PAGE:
While language changes, one thing has not: the lack of respect for women who deliberately make the sacrifices required to be a homemaker-mom. Being committed to raising their children into responsible adults is more than a full-time job. Media calls such women “stay-at-home-moms,” a label not much better than the phrase “house-wife.” The place, not the purpose, gets the focus.
That disrespect bothers me. In the 1970s, my first jury duty experience gave me an opportunity to explain. During juror questioning, the prosecutor asked, “Does your wife work?” I said, “my wife and I have two small children, so she is on duty 24/7 and does a lot of work, but if your real question is does she have a paying job outside our home, the answer is: no.” Our children owe much of their academic and professional success to their mother who applied her degree in elementary education at home, much more than full-time, before our kids ever got to school.
Effective homemaker-moms provide the emotional infrastructure needed for a family to raise well-adjusted children, resolve conflict, solve problems, manage within limited resources, etc. They somehow get it all done, handling their domestic roles, while trying to shape their family’s contribution to society’s next crop of citizens. Periodically, some columnist will try to put a price-tag on the various roles performed by homemaker-moms, but nobody would take that job just for money. Why? A mother’s sacrificial love cannot be monetized.
Women volunteering for the toughest job in the country sometimes refer to themselves without the respect they deserve. Visiting my college roommate a few years back, his wife introduced herself as a stay-at-home-mom, so I gave her my speech saying she was really a homemaker-mom. She smiled knowingly. Sometimes, I’ve said the same thing to other mothers, when I felt I could without being attacked by society’s thought police for valuing healthy traditions.
In 1986, Robert Fulghum wrote a best-seller titled, “All I Really Need to Know I Learned in Kindergarten.” Its basic lessons, (share, play fair, don’t hit, put things back, clean up your own mess, etc.) resonate with homemaker-moms who try to teach these same things (and much more) to their children before school. Classroom teachers owe debts of gratitude to parents who prepare their children for life by giving them basic social tools. Sadly, many kids end up in school unprepared; some never recover. Two words predict academic success: parental involvement.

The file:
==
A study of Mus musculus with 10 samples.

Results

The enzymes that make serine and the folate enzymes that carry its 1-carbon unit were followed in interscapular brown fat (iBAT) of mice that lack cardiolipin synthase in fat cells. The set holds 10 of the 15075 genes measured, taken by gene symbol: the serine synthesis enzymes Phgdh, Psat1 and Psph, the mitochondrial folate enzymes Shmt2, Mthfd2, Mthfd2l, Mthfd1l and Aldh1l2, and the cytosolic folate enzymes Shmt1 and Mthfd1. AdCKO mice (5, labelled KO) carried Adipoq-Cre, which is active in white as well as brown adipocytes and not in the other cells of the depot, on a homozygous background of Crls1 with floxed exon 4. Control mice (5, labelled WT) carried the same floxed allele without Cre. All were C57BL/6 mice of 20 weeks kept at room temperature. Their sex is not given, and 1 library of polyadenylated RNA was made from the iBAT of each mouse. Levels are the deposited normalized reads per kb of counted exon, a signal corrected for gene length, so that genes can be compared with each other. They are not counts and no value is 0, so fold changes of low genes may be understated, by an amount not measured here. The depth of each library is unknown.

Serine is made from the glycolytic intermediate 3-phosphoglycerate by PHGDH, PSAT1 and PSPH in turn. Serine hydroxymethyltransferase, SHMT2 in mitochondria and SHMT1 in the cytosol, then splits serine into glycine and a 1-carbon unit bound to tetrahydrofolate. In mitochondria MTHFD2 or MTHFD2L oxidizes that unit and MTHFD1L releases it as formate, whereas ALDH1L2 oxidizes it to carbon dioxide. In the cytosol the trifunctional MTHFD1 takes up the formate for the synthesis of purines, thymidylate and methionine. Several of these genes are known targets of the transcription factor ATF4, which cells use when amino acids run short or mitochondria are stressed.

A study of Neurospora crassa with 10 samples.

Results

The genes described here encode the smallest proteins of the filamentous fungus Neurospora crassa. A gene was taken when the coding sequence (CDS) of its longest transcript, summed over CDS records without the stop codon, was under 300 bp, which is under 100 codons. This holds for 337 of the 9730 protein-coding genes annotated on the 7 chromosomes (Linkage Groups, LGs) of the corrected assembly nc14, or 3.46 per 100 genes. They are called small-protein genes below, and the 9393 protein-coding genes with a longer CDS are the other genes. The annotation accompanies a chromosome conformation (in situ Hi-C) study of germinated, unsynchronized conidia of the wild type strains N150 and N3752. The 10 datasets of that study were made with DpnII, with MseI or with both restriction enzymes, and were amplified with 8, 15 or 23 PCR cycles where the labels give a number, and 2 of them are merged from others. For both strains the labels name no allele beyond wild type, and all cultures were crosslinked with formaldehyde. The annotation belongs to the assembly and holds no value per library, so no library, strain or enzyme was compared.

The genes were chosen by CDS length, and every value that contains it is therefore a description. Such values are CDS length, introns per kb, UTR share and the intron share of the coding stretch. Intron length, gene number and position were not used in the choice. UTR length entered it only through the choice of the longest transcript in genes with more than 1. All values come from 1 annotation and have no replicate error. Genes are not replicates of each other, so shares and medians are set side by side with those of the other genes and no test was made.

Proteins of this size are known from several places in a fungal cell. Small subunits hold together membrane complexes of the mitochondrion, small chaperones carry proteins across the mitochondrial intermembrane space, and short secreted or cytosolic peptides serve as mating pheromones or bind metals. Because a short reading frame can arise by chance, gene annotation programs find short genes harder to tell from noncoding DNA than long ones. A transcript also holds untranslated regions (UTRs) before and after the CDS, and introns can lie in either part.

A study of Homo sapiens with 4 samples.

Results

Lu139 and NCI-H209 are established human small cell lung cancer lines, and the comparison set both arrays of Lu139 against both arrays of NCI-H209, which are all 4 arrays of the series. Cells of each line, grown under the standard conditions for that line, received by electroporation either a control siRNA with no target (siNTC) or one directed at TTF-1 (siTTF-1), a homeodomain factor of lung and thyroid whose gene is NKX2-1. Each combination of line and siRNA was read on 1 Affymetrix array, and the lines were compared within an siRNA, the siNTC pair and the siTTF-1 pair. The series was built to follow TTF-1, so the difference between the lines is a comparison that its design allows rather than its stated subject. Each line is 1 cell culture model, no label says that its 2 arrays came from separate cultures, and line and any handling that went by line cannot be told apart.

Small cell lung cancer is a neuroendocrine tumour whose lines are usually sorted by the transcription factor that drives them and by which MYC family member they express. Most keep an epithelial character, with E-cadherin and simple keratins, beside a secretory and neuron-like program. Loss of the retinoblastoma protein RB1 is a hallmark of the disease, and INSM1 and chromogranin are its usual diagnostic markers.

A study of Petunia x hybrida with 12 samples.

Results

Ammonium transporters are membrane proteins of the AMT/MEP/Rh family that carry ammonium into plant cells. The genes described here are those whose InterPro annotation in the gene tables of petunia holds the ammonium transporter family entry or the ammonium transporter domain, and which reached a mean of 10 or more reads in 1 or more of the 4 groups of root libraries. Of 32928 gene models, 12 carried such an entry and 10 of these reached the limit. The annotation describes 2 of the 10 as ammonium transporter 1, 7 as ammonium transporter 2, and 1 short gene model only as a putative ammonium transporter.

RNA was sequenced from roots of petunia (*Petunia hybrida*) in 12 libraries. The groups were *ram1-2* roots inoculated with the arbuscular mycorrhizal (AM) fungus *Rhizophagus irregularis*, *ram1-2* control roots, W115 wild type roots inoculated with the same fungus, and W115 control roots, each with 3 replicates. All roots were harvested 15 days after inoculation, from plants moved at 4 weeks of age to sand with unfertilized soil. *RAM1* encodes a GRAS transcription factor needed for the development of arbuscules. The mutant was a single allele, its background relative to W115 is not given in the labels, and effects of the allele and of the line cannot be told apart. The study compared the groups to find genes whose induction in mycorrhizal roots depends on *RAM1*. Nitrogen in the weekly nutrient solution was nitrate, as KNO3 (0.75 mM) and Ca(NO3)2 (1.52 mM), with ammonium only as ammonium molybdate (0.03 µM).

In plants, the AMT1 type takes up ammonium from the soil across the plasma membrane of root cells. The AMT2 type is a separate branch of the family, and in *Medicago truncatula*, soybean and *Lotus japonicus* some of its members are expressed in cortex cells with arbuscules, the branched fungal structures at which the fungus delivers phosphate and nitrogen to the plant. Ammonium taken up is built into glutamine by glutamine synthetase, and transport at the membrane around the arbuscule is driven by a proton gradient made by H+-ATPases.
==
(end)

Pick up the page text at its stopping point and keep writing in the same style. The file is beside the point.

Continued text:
I’ve said the same thing before — including in a My Turn titled “Yes, families still matter,” which appeared in the Juneau Empire — and am not alone. “Parenting is the ultimate non-market activity in a market-driven society,” says Cornel West. About parenting, Leonard Pitts Jr. said, “You can never know how good a job you’ve done until it is too late to do anything about it.”
Children without adequate guidance make do with what they have and some succeed, but an increasing number do not. It’s no wonder that their mental health suffers if they’ve not been prepared for adult life and find it distressing. Madison Avenue blurs the line between wants and needs, Hollywood sells fantasy as reality, while Silicon Valley’s games and social media create further obstacles to healthy growth. Children are not pets; they need more than food and shelter to develop. They need to be nurtured and learn how to deal with poor choices by peer groups.
Working moms do their best, but several of today’s social problems can be traced to how often vulnerable children were left adrift in their formative years. Day care has limits. Some groups try to compensate for society’s developmental gaps that leave kids unprepared for adult challenges.
Homemaker-moms teach their children healthy attitudes, values, and motivation. Such lessons often elude children from broken homes. Foster care exists because some adults cannot manage life as responsible parents. Many devoted single parents, typically mothers, do their best, but face incredible odds. Research “Adverse Childhood Experiences” and the correlation between family dysfunction along with what is statistically wrong with society (poverty, crime, anxiety, etc.). Chronic problems are getting worse because not enough families have homemaker-moms.
Please value any homemaker-moms you know, not just on Mother’s Day, but every day because they help improve the next generation.
• Mike Clemens is a longtime local resident.